The first time I became a mother, my relationship with my body was turned upside down

The first time I became a mother, my relationship with my body was turned upside down

‘The first time I became a mother, the relationship I had with my body was completely turned upside down. I felt like my body was disloyal because it wasn’t doing what I wanted it to do. The changes, so many changes: soft belly, huge nipples, stretch marks, leaking breasts, tired beyond belief...and so, so sore. I wish I had known that this was all OK and normal, that it was talked about more, instead of the narrative focusing on bodies ‘bouncing back’ and the unreal concept of being a ‘yummy mummy’.’

Taryn Brumfitt is the founder of the Body Image Movement and the filmmaker behind the groundbreaking Embrace documentary.

Today, she’s a passionate advocate for ending the global ‘body-hating epidemic’, and promoting positive physical, mental, emotional health and body image, celebrating diversity in shape, size, ethnicity and ability, and combating toxic media messaging in advertising.

But that wasn’t always the case.

After falling out of love with her body post-babies, Taryn considered cosmetic surgery, then chose bodybuilding instead, but discovered having her super-fit body ‘judged’ didn’t make her feel any better about herself; but throwing out the scales and embracing her body for what it could do did.

We chatted to Taryn about her personal postpartum experience...

How would you describe your postpartum journey?

My postpartum journey was enlightening, overwhelming, surprising and joyful. It was also a dichotomy between an overwhelming sense of pride at what my body had done, and some shame and embarrassment for how it looked.

There were so many unexpected things. The darkness of my stretch marks and my nipples, my boobs, how my stomach that had been so big and beautiful and full of baby just became this jelly belly mess. I wish I’d known in advance how much my body was going to change, how sore it was going to be for days...and weeks afterwards.

I think the hardest part was just the tiredness. Before I had kids, anything less than eight hours’ sleep a night and I was a mess, so I really struggled with not getting enough sleep and feeling like a zombie on those early days, even though I was fortunate to have plenty of support – my ex-husband, my parents, my sister and my friends.

As for the most positive part of postpartum, for me it was just those quiet moments between me and whatever baby it was – I had three in three-and-a-half years – but those quiet middle of the night moments when the baby’s feeding and the house is quiet and there’s nothing else to do except just be, with your baby. Those moments were really lovely.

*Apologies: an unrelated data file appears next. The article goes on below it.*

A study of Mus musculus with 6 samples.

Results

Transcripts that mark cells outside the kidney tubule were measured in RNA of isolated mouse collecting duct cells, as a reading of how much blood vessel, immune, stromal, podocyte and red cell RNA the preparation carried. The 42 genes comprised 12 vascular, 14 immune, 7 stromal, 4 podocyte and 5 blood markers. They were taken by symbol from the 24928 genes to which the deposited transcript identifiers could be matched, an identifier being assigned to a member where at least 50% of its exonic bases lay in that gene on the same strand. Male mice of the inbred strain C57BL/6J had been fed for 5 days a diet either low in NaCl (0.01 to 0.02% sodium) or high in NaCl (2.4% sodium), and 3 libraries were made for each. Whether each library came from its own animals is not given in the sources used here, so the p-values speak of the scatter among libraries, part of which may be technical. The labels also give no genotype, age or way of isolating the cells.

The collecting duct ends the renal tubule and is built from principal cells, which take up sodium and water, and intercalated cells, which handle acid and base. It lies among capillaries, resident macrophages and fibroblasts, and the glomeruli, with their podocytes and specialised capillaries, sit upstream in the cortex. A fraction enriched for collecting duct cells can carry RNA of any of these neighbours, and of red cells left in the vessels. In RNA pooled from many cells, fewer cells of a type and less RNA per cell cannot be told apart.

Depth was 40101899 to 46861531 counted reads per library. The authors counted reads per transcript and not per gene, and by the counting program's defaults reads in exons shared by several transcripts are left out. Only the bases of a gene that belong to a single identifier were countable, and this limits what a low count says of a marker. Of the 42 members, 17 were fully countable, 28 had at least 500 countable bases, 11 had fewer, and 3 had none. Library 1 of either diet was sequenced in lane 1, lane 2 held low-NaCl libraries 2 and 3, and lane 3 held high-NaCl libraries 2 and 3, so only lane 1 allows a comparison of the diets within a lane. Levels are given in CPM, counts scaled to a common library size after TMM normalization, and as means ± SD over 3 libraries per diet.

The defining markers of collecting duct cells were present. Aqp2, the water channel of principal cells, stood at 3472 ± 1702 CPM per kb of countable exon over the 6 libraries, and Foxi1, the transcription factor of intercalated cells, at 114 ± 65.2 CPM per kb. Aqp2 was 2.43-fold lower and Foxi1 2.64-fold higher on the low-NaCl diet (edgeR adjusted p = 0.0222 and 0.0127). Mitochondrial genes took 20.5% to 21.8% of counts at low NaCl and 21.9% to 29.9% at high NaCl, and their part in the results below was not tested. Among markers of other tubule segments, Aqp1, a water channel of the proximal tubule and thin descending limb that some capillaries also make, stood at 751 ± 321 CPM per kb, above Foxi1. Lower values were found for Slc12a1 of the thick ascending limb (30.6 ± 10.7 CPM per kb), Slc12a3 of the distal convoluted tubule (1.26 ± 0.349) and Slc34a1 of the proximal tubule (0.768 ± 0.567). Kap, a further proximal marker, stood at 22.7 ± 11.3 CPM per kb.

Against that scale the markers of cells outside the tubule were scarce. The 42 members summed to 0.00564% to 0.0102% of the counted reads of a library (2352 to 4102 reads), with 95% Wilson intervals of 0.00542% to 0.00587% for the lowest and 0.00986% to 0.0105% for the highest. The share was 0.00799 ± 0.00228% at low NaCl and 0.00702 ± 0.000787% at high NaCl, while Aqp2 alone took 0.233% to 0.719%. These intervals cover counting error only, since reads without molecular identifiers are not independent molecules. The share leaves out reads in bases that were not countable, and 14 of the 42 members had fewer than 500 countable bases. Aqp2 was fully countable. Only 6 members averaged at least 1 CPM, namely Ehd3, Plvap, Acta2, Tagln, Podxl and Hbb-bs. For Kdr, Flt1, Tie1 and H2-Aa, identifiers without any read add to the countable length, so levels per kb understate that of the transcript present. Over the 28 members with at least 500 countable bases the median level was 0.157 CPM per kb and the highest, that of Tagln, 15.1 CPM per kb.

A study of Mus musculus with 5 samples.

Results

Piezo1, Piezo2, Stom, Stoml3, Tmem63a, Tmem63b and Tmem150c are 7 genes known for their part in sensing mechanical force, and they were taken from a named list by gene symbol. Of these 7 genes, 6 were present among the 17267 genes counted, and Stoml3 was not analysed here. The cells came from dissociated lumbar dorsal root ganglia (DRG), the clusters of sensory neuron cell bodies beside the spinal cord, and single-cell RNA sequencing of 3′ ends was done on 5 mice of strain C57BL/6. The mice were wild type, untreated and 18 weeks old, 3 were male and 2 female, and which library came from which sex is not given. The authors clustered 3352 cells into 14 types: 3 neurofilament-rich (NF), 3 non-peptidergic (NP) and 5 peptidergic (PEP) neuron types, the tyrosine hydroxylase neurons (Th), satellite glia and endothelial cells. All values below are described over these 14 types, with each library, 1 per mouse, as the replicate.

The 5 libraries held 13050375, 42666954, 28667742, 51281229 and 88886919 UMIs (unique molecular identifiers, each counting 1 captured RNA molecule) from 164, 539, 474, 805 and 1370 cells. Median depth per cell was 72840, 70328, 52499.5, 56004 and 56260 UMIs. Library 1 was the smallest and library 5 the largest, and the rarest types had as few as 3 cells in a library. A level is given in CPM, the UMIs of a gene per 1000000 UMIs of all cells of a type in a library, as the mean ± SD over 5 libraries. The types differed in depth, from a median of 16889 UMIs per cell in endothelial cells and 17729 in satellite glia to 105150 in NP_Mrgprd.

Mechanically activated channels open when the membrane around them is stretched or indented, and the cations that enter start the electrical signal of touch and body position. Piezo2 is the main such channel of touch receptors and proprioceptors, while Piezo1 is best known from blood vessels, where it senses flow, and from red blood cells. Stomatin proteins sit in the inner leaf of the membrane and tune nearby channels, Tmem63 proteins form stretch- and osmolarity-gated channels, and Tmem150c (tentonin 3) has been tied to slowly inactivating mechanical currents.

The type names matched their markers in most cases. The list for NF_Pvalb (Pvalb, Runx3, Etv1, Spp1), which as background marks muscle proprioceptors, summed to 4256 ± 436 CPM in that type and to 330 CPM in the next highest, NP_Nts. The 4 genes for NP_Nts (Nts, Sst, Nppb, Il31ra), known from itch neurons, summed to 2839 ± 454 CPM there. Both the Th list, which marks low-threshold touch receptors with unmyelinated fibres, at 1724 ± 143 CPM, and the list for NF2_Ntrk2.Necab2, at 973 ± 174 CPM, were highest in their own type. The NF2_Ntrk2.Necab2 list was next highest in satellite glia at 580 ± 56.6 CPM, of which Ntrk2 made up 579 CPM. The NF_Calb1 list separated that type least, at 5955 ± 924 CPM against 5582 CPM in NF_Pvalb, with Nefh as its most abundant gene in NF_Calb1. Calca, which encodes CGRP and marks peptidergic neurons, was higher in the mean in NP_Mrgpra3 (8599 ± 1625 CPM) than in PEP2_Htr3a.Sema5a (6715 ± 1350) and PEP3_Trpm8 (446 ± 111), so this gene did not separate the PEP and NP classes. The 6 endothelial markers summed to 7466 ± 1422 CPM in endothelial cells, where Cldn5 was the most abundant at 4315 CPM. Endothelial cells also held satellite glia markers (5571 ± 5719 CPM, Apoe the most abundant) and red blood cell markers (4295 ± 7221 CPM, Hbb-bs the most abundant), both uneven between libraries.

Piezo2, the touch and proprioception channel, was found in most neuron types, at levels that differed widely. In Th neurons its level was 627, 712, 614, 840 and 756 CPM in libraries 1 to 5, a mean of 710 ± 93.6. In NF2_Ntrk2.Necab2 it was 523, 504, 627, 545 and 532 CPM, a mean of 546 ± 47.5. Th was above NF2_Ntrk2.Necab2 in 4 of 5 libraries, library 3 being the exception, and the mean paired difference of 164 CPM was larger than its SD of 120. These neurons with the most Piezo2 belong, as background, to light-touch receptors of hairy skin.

How does the media and social media portray postpartum – and how did that compare with your reality?

When I had my babies there were less companies like Modibodi doing a great job at normalising bodies, and the experiences women have. On the whole, I still think the media portrays having babies, and the postpartum experience, as something that’s all rainbows and unicorns and butterflies, but the reality is yes, it’s beautiful having a baby and there’s nothing more overwhelming or breathtaking you’ll do in your life, but you’re also just so, so tired.

That’s why it was important for me to be involved in the Embodied: Postpartum Unfiltered campaign.

I love to dispel the myths of the perfect life, perfect kids, perfect pregnancy, perfect body, that’s what I’m here to do - to help women feel better about themselves, their bodies and their lives.

One of my favourite quotes is by Steven Furtick and it says, ‘don’t compare your behind the scenes with everyone else’s highlight reel’ and that’s why I want to be part of this project, because it makes people feel better about themselves and their lives, when we tell the whole truth – not just the glossy pretty bits, but the really ugly stuff that’s in your basement. I think it’s important to share ALL the wobbly bits.

Do you have any advice for pregnant mums-to-be and their partners about the postpartum stage?

Just lower the bar for anything and everything, bunker down, don’t try and go out and do, just be with your baby and accept help. When someone says, ‘I’ll cook you a meal’, say yes, and tell them what you want them to cook. Also, just really look after each other and be there for each other, knowing it’s a stressful time and a huge adjustment.

What do you think about our reluctance to publicly discuss normal bodily functions, and stages like postpartum?

The hypocrisy makes me furious! For some reason it’s ok to talk about harmful diet products or the next weight-loss craze; but talking openly about natural bodily functions is somehow frowned upon – it doesn’t make sense. We just have to keep chipping away at the ‘old ways’ of thinking, and eventually the media will catch up. It’s time to stop shaming our bodies and start celebrating how awesome they are!

The final word

If we want to change the narrative on body image, we just start by role-modelling positive body image behaviour in front of our children from the very beginning. Show your children you’re comfortable in your skin by moving your body for joy – not punishment – and eating to fuel your body rather than dieting. Never speak poorly about your body in front of your child, and never judge or comment on another person’s body.

The best thing you can do for your child is teach them that ‘Your body is not an ornament; it is the vehicle to your dreams’.